Facebook violates the Fair Housing Act by allowing landlords and home sellers to use its advertising platform to engage in housing discrimination, the U.S. Department of Housing and Urban Development said in a formal complaint filed Friday.
HUD alleges that Facebook allows advertisers to control which users receive housing-related ads and express unlawful preferences by offering discriminatory options, allowing them in effective to limit housing options for protected classes under the guise of “targeted advertising.” HUD’s complaint alleges, for example, that Facebook enables advertisers to, among other things, not show ads to Facebook users who have expressed an interest in a “mobility scooter” or in “accessibility.”
“When Facebook uses the vast amount of personal data it collects to help advertisers to discriminate, it’s the same as slamming the door in someone’s face,” HUD Assistant Secretary for Fair Housing and Equal Opportunity Anna María Farías said.
A LeadingAge spokesperson told McKnight’s Senior Living: “LeadingAge and our members fully support the Fair Housing Act and are as concerned as HUD that Facebook’s online platforms may not allow all households to see housing advertisements equally.”
HUD’s secretary-initiated complaint will result in a formal fact-finding investigation. Facebook will have the opportunity to respond. If a charge of discrimination is filed, then Facebook could resolve it through a settlement through referral to the Department of Justice or through an administrative determination.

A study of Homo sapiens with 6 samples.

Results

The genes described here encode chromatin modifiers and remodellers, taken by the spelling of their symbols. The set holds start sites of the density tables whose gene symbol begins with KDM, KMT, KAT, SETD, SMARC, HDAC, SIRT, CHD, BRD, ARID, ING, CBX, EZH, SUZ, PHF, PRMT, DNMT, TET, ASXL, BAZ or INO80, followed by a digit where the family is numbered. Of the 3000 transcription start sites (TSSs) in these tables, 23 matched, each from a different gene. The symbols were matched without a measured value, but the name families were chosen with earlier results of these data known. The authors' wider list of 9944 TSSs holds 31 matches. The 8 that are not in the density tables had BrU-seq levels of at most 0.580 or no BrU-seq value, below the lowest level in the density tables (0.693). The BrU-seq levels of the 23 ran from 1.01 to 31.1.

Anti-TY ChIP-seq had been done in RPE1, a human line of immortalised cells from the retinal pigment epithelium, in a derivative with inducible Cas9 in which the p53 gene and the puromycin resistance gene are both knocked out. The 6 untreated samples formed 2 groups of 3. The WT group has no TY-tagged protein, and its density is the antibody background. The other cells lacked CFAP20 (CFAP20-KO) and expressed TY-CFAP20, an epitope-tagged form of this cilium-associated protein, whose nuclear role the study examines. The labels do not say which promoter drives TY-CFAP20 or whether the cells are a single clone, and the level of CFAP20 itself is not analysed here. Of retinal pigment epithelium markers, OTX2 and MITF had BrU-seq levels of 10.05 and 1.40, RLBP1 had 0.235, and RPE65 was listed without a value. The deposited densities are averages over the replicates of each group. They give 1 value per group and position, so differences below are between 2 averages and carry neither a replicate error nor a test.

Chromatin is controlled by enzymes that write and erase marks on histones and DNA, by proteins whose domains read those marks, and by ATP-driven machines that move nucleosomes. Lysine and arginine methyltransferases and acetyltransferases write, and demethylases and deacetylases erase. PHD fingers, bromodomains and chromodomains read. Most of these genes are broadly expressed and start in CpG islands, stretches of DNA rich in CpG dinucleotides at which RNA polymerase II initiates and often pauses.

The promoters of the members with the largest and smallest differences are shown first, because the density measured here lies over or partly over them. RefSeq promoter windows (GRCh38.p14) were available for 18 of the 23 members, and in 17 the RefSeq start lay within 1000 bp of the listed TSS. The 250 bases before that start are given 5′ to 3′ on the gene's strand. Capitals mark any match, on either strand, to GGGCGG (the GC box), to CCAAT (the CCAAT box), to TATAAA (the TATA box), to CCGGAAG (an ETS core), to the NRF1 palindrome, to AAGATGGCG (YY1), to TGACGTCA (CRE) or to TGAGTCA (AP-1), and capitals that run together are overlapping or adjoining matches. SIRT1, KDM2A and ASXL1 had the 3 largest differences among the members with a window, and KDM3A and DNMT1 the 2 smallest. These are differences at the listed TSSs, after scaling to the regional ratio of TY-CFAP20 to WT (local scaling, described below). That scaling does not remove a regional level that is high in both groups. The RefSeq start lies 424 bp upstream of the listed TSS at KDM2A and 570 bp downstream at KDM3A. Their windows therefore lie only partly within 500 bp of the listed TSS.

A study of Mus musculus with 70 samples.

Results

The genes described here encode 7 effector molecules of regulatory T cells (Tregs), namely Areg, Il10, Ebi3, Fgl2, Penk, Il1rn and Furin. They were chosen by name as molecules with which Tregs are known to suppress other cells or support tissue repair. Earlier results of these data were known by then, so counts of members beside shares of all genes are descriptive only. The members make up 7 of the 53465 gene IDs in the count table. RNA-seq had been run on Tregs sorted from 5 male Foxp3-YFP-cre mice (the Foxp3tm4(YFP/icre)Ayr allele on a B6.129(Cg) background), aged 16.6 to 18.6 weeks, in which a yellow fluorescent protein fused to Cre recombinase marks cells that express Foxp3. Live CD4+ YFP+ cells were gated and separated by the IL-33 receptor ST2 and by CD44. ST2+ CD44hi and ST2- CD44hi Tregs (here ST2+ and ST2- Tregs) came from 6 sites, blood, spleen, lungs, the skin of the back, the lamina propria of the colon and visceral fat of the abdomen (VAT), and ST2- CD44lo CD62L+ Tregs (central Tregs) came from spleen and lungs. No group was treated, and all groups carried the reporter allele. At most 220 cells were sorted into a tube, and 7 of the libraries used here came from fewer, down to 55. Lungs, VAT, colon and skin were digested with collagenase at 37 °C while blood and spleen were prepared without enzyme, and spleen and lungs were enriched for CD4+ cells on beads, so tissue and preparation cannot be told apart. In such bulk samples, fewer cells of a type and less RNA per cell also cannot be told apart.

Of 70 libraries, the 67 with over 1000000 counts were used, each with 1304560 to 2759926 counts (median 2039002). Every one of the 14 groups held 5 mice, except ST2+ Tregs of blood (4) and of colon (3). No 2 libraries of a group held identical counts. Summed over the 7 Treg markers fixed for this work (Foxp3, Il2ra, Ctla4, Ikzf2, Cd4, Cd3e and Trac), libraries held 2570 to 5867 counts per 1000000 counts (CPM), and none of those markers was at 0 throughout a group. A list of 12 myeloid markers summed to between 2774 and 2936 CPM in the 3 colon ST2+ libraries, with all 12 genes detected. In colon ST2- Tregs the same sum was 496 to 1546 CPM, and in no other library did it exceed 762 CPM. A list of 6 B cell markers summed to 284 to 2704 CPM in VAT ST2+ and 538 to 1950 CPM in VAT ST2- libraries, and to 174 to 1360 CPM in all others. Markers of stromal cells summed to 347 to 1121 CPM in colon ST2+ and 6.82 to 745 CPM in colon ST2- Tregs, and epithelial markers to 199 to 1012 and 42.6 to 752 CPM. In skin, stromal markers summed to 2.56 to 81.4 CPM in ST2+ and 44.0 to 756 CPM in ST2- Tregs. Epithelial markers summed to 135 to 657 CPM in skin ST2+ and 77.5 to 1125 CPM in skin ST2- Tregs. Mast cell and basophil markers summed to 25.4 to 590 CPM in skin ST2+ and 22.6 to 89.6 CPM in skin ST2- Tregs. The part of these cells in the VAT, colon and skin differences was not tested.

In a comment shared by CNBC, Facebook said: “There is no place for discrimination on Facebook; it’s strictly prohibited in our policies. Over the past year, we’ve strengthened our systems to further protect against misuse. …We’re aware of the statement of interest filed and will respond in court, and we’ll continue working directly with HUD to address their concerns.”
Meanwhile, also on Friday, a federal judge threw out a lawsuit that affordable housing advocates had brought against HUD Secretary Ben Carson. The plaintiffs had challenged how HUD enforces fair housing laws via the Affirmatively Furthering Fair Housing rule.
In May, Carson had withdrawn a computer assessment tool that allowed the agency to oversee whether communities complied with the law.
In a statement to the Washington Post, HUD said it is “deeply committed to the Fair Housing Act and will continue to live up to the spirit and the letter of the law.”